Syria debate: the end of ‘Team America’ global policing?
The American congress convenes today to begin debating one of the greatest moral quandaries ever to have exercised the honorable members on Capitol Hill.
Chips down, stakes high: this will be an awesome week for Democracy in America.
President Barack Obama will make his case for a punitive attack on Syria in interviews on all the big networks tonight. His mission is to persuade the American people – and their elected representatives in Washington DC – that the United States cannot “stand by and do nothing” as children are gassed in Damascus.
But he is still a very long way from convincing an exhausted, war-weary, recession-bruised, sceptical – and increasingly isolationist America – that he’s right.
In fact, on the face of it, Barack Obama faces an almost impossible task. A very ‘heavy lift,’ as they say here.
If he loses the congressional vote, he will be left politically dead in the water.
If he wins, there is real fear here that America’s Nobel Peace Prize-laureate president could trigger World War III.
And if that sounds like hyperbole, all I’m doing is reporting what I’ve heard many ordinary Americans saying over the past few days, to me directly, to their congressmen and on TV.
Historians will look back at these votes in congress as marking a definitive moment for America as a global power; America as the world’s policeman.
Bashar al-Assad – who will also be on US television tonight, denying involvement in the chemical attack – has thrown down the gauntlet, challenging the US president’s authority and testing both Obama’s and America’s resolve.
Some still wonder what possessed Obama to ask Congress to authorise his use of force – particularly as he believes that as president, he has the authority to order a strike without congressional backing.
Perhaps it was a clever ploy, using congress as a political foil, so that if it approved a punitive attack, they could share the blame should regional conflagration result.
Perhaps he figured that what Americans call “the math” was not in his favour and that a ‘No’ vote would allow him, as a very reluctant warrior, to walk away from intervening in the Mid-East for the third time in a decade.
By passing the buck to the lawmakers, President Barack Obama has exposed deep rifts not between, but within the two parties.
There are scores of Obama-loyalist Democrat congressmen who now find themselves impossibly torn; their electorate demanding they vote ‘No’.
Even though Obama is likely to win approval from the senate – albeit with just 60 or so of the 100 Senators supporting him – the real battle is going to take place in the House of Representatives. It is a much larger body and, elected every two years, its members are more beholden to their constituents.
There is a Republican majority in the lower house. Some of them will vote with the president but there are many in Obama’s own party who oppose him on this issue. The current tally shows the ‘No’s’ or those leaning ‘No’ are in a clear majority.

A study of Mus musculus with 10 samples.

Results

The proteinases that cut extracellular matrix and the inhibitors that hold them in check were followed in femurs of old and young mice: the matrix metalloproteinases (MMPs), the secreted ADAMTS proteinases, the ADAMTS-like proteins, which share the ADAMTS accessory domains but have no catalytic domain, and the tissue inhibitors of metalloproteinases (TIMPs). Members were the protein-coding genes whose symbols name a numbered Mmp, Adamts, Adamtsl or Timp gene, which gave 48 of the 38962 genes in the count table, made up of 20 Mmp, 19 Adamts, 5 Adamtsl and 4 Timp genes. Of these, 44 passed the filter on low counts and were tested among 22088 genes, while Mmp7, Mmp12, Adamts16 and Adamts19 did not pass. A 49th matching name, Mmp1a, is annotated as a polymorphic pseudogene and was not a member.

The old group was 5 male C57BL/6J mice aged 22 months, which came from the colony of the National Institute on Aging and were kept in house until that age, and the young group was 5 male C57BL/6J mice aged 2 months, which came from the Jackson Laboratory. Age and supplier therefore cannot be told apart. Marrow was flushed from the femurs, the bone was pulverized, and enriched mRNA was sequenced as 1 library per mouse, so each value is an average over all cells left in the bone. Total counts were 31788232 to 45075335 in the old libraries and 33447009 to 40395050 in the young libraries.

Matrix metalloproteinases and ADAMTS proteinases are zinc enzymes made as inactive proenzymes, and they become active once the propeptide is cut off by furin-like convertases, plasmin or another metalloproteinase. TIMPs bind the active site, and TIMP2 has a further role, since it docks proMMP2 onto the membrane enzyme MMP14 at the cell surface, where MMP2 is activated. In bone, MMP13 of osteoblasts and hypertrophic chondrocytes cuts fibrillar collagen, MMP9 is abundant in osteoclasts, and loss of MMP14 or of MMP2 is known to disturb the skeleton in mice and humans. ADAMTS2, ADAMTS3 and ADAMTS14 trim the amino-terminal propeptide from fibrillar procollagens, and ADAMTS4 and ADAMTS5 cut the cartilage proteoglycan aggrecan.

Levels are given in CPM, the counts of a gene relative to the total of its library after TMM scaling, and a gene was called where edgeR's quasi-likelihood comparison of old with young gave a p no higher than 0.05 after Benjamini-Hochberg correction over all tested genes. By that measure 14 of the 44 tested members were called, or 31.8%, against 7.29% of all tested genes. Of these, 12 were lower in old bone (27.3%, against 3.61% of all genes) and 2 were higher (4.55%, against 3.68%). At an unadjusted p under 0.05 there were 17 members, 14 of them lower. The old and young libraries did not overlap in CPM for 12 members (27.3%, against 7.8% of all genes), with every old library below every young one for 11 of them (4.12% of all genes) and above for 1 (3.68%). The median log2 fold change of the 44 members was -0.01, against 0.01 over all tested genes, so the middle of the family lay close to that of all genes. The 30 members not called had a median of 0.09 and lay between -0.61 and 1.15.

In Washington, those poring over congressional whipcounts are predicting that President Obama is going to lose – “and lose big.”
Kansas City Congressman Emanuel Cleaver II, a Democrat, told me: “My constituents believe I will listen to them and there is enormous pressure on me to vote with what I think is about 90 per cent of the people here.” For two hours he had been subjected to a verbal lashing by his constituents in a ‘town hall’ meeting. The vast majority demanded he vote ‘No’.
Mr Cleaver, a former mayor of the Missouri capital and now in his fifth term as its member for Congress, is a friend of Obama and as an African-American and a Democrat, clearly has a profound respect for all the president stands for.
Except on this issue.
“It could hurt the president a lot and I just don’t want that to happen,” he told me. “He has a lot of selling to do. People are saying to me ‘I voted for him twice. I love him! But he’s wrong. Don’t vote with him.’”
At shortly after 10 o’clock this morning, Congressman Emanuel Cleaver II will touch down in DC after the three-hour flight from Kansas City. He will take a 20-minute cab-ride from Reagan National Airport to Capitol Hill.
There, he will receive a classified briefing on the latest US intelligence which reportedly incontrovertibly affirms Bashar al-Assad’s responsibility for what happened in those Damascus suburbs on the night of 21 August. Could that swing it for Barack Obama?
“If I had to vote at this very moment, my vote would be no,” Mr Cleaver told me. “But it would be an injustice to my constituents, and frankly to the administration, to say that my mind is made up and there’s nothing that can be said or done to change it.
“I am looking for critical information from the administration. When you are talking about going to war against another sovereign state, it is no small matter,” he said.
Barack Obama will be giving pre-recorded interviews today to six networks: ABC, CBS, NBS, PBS, CNN and Fox News. They will broadcast them at a pre-agreed time this evening.
The president will not address the nation from the White House until Tuesday night.
The thinking behind the timing of this address is in itself a metaphor for the growing isolationism of this superpower.
It’s the first week of the American football season. Ordinarily the president would have made his appeal to much fanfare in a grand Sunday night address. But he couldn’t. The New England Patriots were playing the Buffalo Bills, and the New York Giants were up against the Dallas Cowboys.
America wasn’t much interested in anything else.
And tonight, at 7.10pm Eastern, the Washington Redskins are playing the Philadelphia Eagles. Not a hope of America tuning in to Oval Office TV.
So Barack Obama is to squeeze his presidential request for a BGM-109 Tomahawk Cruise Missile blitz on Syria onto the Tuesday night schedule when the big showdowns won’t get in the way.